When reading articles about java thread, I often notice the expression: "current thread is the owner of this object's monitor.". I catch the meaning: the thread gets the right to operate on the object. But I am puzzled why use the phrase "the object's monitor" instend of "the object's lock"? In brief, I don't konw the meaning of word 'monitor' The question may be strange and simple. But wish anybody can help to solve it. 3ks
but I am puzzled why use word "the object's monitor" instend of "the object's lock"?
See ulmangt's answer for links that explain the term "monitor" as used in this context.
Why use the term "monitor" rather than "lock"? Well strictly speaking, the terms do mean different things ... especially if you use them in the way that they were originally intended to be used.
A "lock" is something with acquire and release primitives that maintain certain lock properties; e.g. exclusive use or single writer / multiple reader.
A "monitor" is a mechanism that ensures that only one thread can be executing a given section (or sections) of code at any given time. This can be implemented using a lock, but it is more than just a lock. Indeed, in the Java case, the actual lock used by a monitor is not directly accessible. (You just can't say "Object.lock()" to prevent other threads from acquiring it ... like you can with a Java Lockinstance.)
In short, if one were to be pedantic "monitor" is actually a better term than "lock" for characterizing what Java is providing. But in practice, both terms are used almost interchangeably.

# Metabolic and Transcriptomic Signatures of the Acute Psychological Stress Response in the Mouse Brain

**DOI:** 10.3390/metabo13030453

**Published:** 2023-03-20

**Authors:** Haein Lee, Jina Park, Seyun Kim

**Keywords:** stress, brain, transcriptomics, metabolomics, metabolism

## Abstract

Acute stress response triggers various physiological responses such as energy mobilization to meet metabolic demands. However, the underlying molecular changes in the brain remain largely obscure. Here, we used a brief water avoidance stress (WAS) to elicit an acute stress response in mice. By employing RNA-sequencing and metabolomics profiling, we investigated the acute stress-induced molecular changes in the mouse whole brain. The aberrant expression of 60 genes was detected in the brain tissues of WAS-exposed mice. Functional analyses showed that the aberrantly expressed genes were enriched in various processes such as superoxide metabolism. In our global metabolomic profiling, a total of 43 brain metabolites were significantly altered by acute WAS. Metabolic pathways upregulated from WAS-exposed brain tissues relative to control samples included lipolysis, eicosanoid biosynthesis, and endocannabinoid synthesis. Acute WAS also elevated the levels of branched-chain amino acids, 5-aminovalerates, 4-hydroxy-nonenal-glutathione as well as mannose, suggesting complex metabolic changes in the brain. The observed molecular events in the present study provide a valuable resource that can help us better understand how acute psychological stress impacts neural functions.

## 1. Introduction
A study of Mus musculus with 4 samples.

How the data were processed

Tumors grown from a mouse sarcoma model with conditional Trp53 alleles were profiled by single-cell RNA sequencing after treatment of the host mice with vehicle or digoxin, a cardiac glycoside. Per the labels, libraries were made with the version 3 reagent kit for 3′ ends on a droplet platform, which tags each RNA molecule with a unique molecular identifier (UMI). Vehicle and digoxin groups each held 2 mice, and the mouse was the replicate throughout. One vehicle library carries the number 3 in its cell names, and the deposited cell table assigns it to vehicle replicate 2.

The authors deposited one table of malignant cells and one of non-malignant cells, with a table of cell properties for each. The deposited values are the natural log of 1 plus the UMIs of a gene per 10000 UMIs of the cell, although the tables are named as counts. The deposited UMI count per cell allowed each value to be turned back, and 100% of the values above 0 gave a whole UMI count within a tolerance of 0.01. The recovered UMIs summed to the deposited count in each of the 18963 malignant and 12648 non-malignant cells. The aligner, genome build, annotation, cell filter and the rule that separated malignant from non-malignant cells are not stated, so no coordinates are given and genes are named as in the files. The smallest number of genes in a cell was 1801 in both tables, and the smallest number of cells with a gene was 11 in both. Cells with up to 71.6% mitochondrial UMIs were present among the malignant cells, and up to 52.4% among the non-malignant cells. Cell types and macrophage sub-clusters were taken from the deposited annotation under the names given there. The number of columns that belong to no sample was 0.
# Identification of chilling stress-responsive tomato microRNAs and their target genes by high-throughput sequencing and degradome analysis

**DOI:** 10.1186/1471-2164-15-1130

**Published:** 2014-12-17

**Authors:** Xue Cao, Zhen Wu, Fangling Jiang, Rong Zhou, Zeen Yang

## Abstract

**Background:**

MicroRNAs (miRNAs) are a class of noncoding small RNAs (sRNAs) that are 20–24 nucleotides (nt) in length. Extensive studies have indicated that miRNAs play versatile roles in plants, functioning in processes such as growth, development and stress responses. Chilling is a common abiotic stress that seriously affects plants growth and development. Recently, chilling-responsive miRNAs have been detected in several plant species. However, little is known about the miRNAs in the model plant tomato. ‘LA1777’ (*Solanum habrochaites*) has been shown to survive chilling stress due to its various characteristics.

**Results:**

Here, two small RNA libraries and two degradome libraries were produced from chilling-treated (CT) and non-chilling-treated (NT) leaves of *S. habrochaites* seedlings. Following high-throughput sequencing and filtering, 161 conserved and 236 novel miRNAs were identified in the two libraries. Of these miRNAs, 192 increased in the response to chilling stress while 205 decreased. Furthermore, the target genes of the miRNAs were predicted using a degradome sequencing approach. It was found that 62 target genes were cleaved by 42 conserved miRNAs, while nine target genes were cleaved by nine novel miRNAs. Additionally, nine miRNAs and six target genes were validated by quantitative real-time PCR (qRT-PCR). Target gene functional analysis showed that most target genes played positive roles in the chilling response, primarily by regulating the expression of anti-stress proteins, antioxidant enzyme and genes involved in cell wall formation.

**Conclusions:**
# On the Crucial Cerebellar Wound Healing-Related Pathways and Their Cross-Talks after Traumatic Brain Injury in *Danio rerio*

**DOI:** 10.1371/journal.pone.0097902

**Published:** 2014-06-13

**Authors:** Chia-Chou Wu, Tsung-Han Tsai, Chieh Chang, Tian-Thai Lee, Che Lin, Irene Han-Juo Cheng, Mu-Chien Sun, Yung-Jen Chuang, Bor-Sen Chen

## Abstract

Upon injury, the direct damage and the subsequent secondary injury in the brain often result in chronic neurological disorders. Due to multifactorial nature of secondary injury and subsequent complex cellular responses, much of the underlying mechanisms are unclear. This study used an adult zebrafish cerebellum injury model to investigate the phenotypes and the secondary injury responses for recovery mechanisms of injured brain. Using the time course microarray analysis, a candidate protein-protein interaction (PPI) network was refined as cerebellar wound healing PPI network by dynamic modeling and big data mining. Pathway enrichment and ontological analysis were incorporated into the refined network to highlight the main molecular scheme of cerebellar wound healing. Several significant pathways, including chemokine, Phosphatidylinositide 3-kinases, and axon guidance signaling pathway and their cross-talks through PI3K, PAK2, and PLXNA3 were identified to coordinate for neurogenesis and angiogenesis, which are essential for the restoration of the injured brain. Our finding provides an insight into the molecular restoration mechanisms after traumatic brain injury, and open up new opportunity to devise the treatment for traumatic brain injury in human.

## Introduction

Your fundamental problem is in assuming that every object has some sort of Monitor built into it, waiting for it to be used by some code. In reality, most objects are never used as a monitor, so the monitors don't have to be created until they are used. Rather than implementing this feature as every object having a private Monitor monitor field, think of it as being implemented as the JVM having a global HashMap.
A possible implementation is this: Whenever a synchronized block is entered, the JVM looks up the synchronized object in the map (monitors). If it finds it, it gets the monitor to use. If it doesn't find it, it enters a critical section dedicated to the map. It then looks up the object again because another thread may have created it between the previous check and entering the critical section. If it's still not there, it creates the monitor for the synchronized object and leaves the critical section.